Making Cold Brew Coffee With A French Press Only Takes One Extra Step

Fans of cold brew know that the hype is worth it, but it's surely blunted when a single cup sets you back as much as $7 in a high-end coffee shop (and we're actually not even thirsty anymore, thanks). That's where homemade cold brew comes in. If you've never tried making it at home before, cold brew is coffee that has been steeped with cold rather than hot water. As such, the brewing time is much longer, 12-24 hours, instead of just a few minutes. It's brewed as a concentrate, then diluted, served over ice, or sometimes served straight. 

Typically, French presses are filled with boiling water for a quick immersion brew, then filtered using the device's mesh metal screen. But since the method is the same, just slower, the French press is actually an ideal tool for making cold brew. However, there's one extra step you'll need to take to make a killer batch — strain it twice. 

To make cold brew in a French press, put the lid on (plunger "un-plunged"), then place it in a cold, dark spot — the refrigerator is ideal. Once it's sat the requisite time, you can finally give the plunger a press. However, the metal mesh filter is going to be inadequate for the smooth mouthfeel of a cold brew. To remedy this, simply pour it through a paper filter to catch all those micro granules clouding up your coffee and lending the drink a faint grittiness.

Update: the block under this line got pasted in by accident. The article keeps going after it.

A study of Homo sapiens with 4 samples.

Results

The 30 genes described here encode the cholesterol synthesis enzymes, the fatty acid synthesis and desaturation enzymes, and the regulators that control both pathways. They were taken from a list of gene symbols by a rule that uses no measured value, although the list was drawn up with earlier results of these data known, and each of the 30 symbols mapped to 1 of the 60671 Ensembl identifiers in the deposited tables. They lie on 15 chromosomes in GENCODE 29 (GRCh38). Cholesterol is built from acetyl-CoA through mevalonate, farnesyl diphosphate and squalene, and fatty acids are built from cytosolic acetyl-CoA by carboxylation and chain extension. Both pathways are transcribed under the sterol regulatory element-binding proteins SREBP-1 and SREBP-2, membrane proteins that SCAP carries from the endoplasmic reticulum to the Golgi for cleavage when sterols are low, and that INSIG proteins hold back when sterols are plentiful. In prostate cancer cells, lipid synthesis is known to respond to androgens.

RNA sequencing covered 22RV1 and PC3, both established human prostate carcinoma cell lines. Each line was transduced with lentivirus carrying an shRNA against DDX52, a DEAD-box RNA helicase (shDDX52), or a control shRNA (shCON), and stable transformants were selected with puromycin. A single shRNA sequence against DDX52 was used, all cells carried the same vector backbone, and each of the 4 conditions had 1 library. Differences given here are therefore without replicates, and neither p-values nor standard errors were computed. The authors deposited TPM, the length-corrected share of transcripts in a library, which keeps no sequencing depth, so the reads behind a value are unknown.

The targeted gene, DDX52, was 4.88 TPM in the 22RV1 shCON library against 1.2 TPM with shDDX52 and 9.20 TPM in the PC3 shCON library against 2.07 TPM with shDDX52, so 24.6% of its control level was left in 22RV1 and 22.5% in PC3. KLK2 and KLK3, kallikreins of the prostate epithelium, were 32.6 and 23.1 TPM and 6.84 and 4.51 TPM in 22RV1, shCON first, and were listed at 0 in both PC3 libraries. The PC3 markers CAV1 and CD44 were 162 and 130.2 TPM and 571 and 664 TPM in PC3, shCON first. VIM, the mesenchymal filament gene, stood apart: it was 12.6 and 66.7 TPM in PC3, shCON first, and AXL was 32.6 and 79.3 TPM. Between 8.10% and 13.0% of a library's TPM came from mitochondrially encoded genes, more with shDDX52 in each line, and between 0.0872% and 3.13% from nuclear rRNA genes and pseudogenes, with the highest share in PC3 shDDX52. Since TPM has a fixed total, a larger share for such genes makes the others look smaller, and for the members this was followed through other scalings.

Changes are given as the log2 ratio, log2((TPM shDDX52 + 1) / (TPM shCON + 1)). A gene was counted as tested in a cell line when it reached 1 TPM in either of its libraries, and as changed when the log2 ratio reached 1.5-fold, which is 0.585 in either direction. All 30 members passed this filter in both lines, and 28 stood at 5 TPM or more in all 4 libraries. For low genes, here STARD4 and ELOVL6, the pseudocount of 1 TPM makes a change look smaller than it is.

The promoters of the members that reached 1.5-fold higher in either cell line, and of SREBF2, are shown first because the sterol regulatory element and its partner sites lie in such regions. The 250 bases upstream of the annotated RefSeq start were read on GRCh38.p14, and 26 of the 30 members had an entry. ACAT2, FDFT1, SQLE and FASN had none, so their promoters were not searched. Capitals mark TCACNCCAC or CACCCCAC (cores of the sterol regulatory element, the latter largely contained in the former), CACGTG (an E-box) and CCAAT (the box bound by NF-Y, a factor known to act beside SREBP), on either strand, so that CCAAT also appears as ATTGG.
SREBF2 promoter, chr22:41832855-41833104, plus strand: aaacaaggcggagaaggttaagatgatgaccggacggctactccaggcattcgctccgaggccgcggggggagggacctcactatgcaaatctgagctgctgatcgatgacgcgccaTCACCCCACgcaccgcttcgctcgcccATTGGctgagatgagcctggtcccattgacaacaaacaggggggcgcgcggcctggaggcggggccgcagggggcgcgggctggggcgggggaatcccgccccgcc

Double-filter the grounds for French press cold brew

If you'd rather skip the paper filters, go for a coffee with a coarser grind size.  Because of the gentle brew type, the grinds will be relatively intact, and the mesh filter of the French press will be more or less enough. Alternatively, some coffee grounds are even specifically engineered for cold brews, like these ones from Bizzy, which will work great in a French press.

If you are using finely ground coffee, decrease the brew time; more surface area means quicker steeping. Still, the good part about brewing stronger cold brew is that you'll simply end up with more of it — just dilute as much as you want with water or milk. Plus, with homemade cold brew, you can customize it to fit your preference, as strong or weak as you like. In an airtight container or Mason jar, it'll keep in the fridge for up to a week.